Sullivan denies charges of signature fraud on primary petitions
Allegations that gubernatorial candidate Jesse Sullivan's petitions contain hundreds of fake signatures are untrue and a "political stunt" by McHenry County businessman and Republican rival Gary Rabine, a Sullivan spokesman said Wednesday.
The Rabine campaign filed an objection on March 21 to Sullivan's petitions with the Illinois Board of Elections contending they show "an utter and contemptuous disregard" for Election Code provisions.
"There is evidence of roundtabling ... when a group of circulators sit around a table falsely signing petitions in the name of voters to submit to election authorities," the objection states.
Also, numerous signatures on petitions handled by 12 specific individuals "appear to have been forged and written in the same hand," according to the objection.
Sullivan spokesman Noah Sheinbaum was confident the challenge will be thrown out on April 21 when the elections board considers it and nearly 140 objections to other candidates in the primary.
"Jesse Sullivan and (running mate) Kathleen Murphy will be on the ballot," Sheinbaum said. "This fishing expedition is nothing but a last-gasp political stunt from a floundering opponent's campaign."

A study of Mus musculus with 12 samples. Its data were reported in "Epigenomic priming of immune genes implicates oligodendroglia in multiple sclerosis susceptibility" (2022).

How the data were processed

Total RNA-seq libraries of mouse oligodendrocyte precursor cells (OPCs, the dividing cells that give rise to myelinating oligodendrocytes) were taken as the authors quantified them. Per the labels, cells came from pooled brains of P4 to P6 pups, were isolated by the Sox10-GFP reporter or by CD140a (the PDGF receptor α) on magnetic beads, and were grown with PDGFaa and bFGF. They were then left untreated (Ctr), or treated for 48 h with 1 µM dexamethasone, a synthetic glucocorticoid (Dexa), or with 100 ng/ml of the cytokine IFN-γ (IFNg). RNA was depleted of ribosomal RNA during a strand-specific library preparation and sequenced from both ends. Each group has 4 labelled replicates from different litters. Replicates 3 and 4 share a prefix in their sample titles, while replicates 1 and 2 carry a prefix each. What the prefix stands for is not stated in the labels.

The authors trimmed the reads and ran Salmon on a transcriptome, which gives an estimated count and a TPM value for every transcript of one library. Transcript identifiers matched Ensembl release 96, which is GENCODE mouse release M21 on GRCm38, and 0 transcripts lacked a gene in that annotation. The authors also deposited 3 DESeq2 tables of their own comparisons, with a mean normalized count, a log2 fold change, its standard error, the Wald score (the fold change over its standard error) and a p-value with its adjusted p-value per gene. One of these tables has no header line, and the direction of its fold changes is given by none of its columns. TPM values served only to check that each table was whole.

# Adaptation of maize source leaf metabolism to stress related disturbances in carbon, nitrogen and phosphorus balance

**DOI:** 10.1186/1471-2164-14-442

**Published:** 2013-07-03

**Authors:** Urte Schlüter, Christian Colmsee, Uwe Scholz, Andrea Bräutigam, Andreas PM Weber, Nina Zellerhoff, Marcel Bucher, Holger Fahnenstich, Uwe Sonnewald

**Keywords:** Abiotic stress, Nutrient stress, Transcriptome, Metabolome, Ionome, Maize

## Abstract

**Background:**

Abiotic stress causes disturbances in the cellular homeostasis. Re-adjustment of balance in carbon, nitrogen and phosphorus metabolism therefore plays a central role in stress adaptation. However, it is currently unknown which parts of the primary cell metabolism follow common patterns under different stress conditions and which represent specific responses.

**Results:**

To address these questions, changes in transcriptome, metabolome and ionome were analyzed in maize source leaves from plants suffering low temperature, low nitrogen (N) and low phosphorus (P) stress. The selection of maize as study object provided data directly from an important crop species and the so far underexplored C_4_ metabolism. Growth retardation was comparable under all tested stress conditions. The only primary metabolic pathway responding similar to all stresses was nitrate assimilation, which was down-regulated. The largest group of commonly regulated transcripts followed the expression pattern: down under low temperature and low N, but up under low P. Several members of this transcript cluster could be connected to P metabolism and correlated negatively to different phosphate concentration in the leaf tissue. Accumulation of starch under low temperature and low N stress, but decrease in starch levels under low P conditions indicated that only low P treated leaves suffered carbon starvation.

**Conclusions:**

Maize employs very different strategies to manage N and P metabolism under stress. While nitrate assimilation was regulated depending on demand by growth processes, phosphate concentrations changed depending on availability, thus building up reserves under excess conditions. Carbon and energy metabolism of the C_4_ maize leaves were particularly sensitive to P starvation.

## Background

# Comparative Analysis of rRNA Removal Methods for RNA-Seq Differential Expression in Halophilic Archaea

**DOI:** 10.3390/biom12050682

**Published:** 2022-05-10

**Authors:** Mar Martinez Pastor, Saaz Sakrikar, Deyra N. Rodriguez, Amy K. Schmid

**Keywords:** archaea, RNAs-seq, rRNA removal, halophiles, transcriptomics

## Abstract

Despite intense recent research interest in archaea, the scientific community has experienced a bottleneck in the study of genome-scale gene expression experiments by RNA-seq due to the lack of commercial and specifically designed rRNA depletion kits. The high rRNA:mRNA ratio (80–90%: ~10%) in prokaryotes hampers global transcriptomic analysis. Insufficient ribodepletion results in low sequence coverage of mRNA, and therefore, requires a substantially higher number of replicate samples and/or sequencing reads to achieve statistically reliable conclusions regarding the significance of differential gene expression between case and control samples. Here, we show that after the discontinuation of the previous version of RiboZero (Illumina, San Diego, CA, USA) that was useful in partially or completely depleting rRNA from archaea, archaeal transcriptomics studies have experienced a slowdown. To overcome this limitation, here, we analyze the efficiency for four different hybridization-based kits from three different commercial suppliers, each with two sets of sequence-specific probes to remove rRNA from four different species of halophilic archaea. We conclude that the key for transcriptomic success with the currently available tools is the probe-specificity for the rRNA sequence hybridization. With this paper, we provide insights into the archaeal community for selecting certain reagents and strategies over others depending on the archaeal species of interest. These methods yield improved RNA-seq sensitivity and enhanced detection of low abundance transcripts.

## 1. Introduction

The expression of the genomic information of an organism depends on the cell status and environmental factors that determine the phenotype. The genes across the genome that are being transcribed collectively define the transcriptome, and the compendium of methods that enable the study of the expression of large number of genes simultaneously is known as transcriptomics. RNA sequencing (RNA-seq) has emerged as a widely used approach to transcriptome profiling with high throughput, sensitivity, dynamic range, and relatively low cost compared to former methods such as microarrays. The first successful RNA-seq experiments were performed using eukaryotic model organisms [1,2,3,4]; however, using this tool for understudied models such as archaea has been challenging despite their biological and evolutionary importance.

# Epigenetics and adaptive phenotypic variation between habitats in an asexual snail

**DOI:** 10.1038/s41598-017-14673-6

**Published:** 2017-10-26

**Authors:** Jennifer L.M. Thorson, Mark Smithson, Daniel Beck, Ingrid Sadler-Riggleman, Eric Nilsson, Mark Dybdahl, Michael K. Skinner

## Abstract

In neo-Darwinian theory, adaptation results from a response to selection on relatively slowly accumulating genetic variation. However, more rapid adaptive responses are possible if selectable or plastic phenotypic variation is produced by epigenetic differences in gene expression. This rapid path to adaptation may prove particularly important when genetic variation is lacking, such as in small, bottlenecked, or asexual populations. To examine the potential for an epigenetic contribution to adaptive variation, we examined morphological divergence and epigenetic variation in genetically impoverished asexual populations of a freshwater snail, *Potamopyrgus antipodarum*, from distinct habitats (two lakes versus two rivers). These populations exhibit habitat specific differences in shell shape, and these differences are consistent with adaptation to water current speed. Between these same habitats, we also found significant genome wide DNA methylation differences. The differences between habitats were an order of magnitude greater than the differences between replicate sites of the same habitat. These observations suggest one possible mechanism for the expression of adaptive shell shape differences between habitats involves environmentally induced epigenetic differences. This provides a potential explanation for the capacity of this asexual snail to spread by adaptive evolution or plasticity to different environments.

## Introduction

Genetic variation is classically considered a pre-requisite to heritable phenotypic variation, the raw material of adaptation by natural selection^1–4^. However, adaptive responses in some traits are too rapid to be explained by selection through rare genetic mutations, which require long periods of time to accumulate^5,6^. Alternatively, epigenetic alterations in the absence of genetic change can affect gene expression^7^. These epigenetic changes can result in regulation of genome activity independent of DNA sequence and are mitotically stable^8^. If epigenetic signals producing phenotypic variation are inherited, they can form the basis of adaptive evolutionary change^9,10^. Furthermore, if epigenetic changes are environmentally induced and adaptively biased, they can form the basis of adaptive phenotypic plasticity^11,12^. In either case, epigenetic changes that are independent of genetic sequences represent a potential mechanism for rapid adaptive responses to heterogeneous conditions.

Rabine's lieutenant governor running mate, Aaron Del Mar of Palatine, countered that "this is not personal. We don't dislike Jesse Sullivan or Kathleen Murphy. This is the process. This is not a political attack. It's usual and customary.
"If there's any potential for election fraud it should be brought to light and investigated on anybody -- Democrats, Republicans, Independents," Del Mar said.
Fireworks among the Republicans running for governor have been rare. Sullivan and Rabine along with Xenia Sen. Darren Bailey, Aurora Mayor Richard Irvin and former Sen. Paul Schimpf of Monroe County have focused their attacks on Democratic Gov. J.B. Pritzker instead.
Objections have been filed against other gubernatorial hopefuls, including Republicans Emily Johnson of Wheaton, Max Solomon of Hazel Crest and Keisha Smith of Country Club Hills, plus Democrat Beverly Miles of Chicago.
Political experts think it's unlikely Sullivan, a venture capitalist from downstate Petersburg, would be knocked off the ballot but noted the allegations are serious ones.
"In my opinion, Rabine has a long way to go," said Pat Durante, former top aide to U.S. Rep. Henry Hyde and a veteran DuPage County GOP strategist. But "this is a very powerful challenge."
Sullivan is required to have no fewer than 3,250 signatures and turned in the maximum of 6,500, but some circulators demonstrated a "pattern of fraud" and therefore all their petition sheets should be invalidated, the objectors argue.
If the Rabine camp contested individual signatures that's a heavy lift, Durante said, "because not every signature he challenges will be invalid."
But "if indeed they can throw out as many petitions in full that they are contesting, that helps a lot. And if they can prove roundtabling, someone is going to jail. So it hinges on full petition sheets getting tossed out. It's a tough road to hoe, but maybe."